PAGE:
25 Sept 2022

OPINION: Why is the Shared Island Unit so important?

Louth Senator Erin McGreehan opinion piece

OPINION: Why  is the Shared Island Unit so important?

OPINION: Why is the Shared Island Unit so important?

Asking this question is like asking why is the future important. The answer is obvious because it is everything. The future is the only thing we can change.

For the first time in the history of this State, a Taoiseach created a dedicated unit with its sole purpose to look at how we on this island can work closer together across the entire Island; to create the synergies through capital projects, through research on topics like education, healthcare on both sides of the border. That in itself is historic and should be applauded from the rooftops.

The Unit is entirely dedicated to harnessing the full potential of the Good Friday Agreement to enhance cooperation on the island and engage with all communities and traditions to build consensus around a shared future.

This shared future is the only thing that is absolute the only thing that is for sure. The Orange and the Green are on this island and it looks like neither are going anywhere, so we have the responsibility to work together acknowledging that we don’t know what the constitutional relationship will be in future.

The outcome of any so called ‘border poll” is not a given. I know I will vote YES for a re-united island any and every day of the week. But I’m not the demographic we need to convince.

The south of Ireland has Republican status; that is far more than a label. It’s the Republican values and ideals that are important. Those ideals are not something Unionists or Loyalists should fear.

They are however very correct to fear the polarisation of some parties on the Island. Some who purport to be Republican clearly do not know or understand what our traditional Republicanism is.

I look to our flag and see the green and the orange and know that the white places upon me a responsibility to respect and maybe ironic for some to hear; to protect the orange.

During this period of centenary events, we should take our Republicanism back. We need to harvest that passion and pride, and indeed the hurt and pain aswell. The crop of this harvest should be used for good.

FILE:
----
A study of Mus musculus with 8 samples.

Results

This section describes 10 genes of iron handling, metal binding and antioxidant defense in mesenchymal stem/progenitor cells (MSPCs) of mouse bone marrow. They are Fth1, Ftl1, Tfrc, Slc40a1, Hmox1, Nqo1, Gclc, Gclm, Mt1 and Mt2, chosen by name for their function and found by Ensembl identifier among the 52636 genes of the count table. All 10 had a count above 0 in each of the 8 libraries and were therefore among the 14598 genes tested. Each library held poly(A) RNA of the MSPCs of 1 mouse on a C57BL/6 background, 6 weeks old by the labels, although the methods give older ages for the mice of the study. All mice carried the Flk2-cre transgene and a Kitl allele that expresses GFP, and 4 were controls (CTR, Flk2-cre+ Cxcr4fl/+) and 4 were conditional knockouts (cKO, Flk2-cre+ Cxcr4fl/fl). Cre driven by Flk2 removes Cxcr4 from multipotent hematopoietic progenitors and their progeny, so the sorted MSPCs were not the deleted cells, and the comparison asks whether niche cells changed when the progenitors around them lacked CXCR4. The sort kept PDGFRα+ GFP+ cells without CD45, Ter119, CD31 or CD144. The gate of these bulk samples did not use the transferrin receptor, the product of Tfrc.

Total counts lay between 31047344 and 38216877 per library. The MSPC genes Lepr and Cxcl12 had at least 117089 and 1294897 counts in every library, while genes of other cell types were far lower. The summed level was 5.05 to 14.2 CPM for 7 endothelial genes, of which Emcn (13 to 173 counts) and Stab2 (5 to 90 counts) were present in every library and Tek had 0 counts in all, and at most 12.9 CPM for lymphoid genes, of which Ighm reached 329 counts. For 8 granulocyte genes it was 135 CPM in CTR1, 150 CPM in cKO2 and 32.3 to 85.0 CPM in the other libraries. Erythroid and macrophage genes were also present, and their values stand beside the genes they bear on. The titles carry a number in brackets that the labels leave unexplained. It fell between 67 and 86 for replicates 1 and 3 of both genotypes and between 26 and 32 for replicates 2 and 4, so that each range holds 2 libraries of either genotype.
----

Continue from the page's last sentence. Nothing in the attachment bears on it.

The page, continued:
Let us make this new century the first century that this island will be at peace. It is our responsibility to ensure that our children's children live in a country where we have true Republican ideals.

For me, those ideals come from the Proclamation of Independence and its promise to guarantee religious and civil liberty, equal rights and equal opportunities to all its citizens, cherishing all the children of the nation equally being oblivious of the differences.

To achieve the future we want; means we must work now to create the change. That is what this Government is doing, and the Shared Island Unit is a vocal point of that work.

Unfortunately, there are too many dreamers wrapped up in a debate about the future of the Island. Dreamers don’t create. They wander aimlessly; pointing out the problems expecting to wake up in some sort of Utopia.

While others work to make changes, others dream and gatekeep. I challenge you all not to buy into this division. Don’t get wrapped up in simplistic arguments as nothing is ever simple.

I am a passionate Republican. It is why I was interested in politics in the first place, and I know if we look to the future of this Island with a Republican lens, we will be well our way to the dream of those who created this state a century ago.

From Daniel O'Connell to Padraig Pearse; the concept of equality has been a constant theme on this island for over two centuries now.

We owe it to those who came before and more importantly to our children to work to do to create an equal future.

It is rare that good things come easy and considering that I think we need start the new century by examining and ripping apart everything we believed to be true, ripping apart all the prejudices and learned behaviour we have had over the past 100 years and look forward with optimism and true, inclusive republican values.

We need to re-examine how this country does its business, from how we treat people with disabilities, women and children to how we react to climate change and work towards a re-united Ireland.

Only with a re-examination of how we work on this island will we ever be able to express our true republican identity in an inclusive and fair way.

We need to continue to back this country, its people - all its people and all its cultures. That is what the Shared Island does and I congratulate our Fianna Fáil leader An Taoiseach Micheál Martin on this historic and hugely significant initiative.